After working at Amazon for two-and-a-half years, Scott Blanksteen is leaving to join VUDU, the video streaming service owned by Walmart.
Blanksteen’s departure is notable for two reasons: First, because he is joining a competitor to Amazon’s Instant Video service, and second, because the project he was working on at Amazon has yet to be announced.
While at Amazon, Blanksteen was a director of product management leading a team “responsible for product definition, design, and go-to-market for a new, unannounced consumer device — and related ecosystem of services — from Amazon,” according to his LinkedIn bio. Blanksteen confirmed the description was correct.
In recent months, Amazon has been on a tear, announcing several new hardware initiatives, including the Fire TV, the Amazon Fire Phone, and even smaller projects, such as the Dash, which is a small remote that allows consumers to place Amazon Fresh orders using voice recognition.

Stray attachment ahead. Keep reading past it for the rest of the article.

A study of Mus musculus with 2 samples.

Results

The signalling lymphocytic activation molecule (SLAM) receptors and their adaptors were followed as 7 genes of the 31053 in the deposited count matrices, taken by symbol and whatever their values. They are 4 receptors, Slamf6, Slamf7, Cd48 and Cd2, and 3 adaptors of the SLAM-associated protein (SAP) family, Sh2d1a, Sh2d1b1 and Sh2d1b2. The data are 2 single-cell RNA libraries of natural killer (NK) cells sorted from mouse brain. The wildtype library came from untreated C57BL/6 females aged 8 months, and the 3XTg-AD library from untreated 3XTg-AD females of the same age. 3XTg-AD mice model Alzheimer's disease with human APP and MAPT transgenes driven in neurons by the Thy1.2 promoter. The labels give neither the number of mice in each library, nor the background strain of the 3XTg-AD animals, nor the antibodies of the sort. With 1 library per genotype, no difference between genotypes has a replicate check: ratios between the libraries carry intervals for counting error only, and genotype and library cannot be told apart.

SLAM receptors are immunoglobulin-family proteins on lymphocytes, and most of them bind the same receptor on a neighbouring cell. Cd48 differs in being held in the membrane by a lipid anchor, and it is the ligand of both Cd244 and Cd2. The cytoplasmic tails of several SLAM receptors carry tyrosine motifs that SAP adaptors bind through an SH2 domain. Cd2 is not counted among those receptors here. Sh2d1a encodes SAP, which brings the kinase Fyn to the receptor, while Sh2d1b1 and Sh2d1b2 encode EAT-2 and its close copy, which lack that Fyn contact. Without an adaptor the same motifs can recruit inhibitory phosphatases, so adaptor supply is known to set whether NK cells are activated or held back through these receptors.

Now that some of Amazon’s projects are official, after having been rumored for months, it’s not clear what other devices are forthcoming from the Seattle-based e-commerce giant. Of course, it’s worth noting that Amazon, like many companies, is known for working on several ideas at once, so any unannounced consumer devices could be canceled at anytime. An Amazon spokesperson has not replied to an email seeking comment.
At VUDU, Blanksteen has been appointed to VP of product management, where he will be leading the product and design team across all platforms and services. “I’m excited to help take the consumer offerings and the business to the next level, given the great underlying technology and strong team,” he said.
Blanksteen, who was CEO of Seattle startup AppStoreHQ before joining Amazon, has moved to California to work from VUDU’s Sunnyvale headquarters.
VUDU, which was acquired by Walmart in March 2010 for a reported $100 million, offers full-length movies for rent or to own. Its service is available on Blue-ray, TVs and other platforms, such as Xbox, PlayStation, Google’s Chromecast and Roku. Besides Amazon’s Instant Video, other competitors include Hulu and Netflix.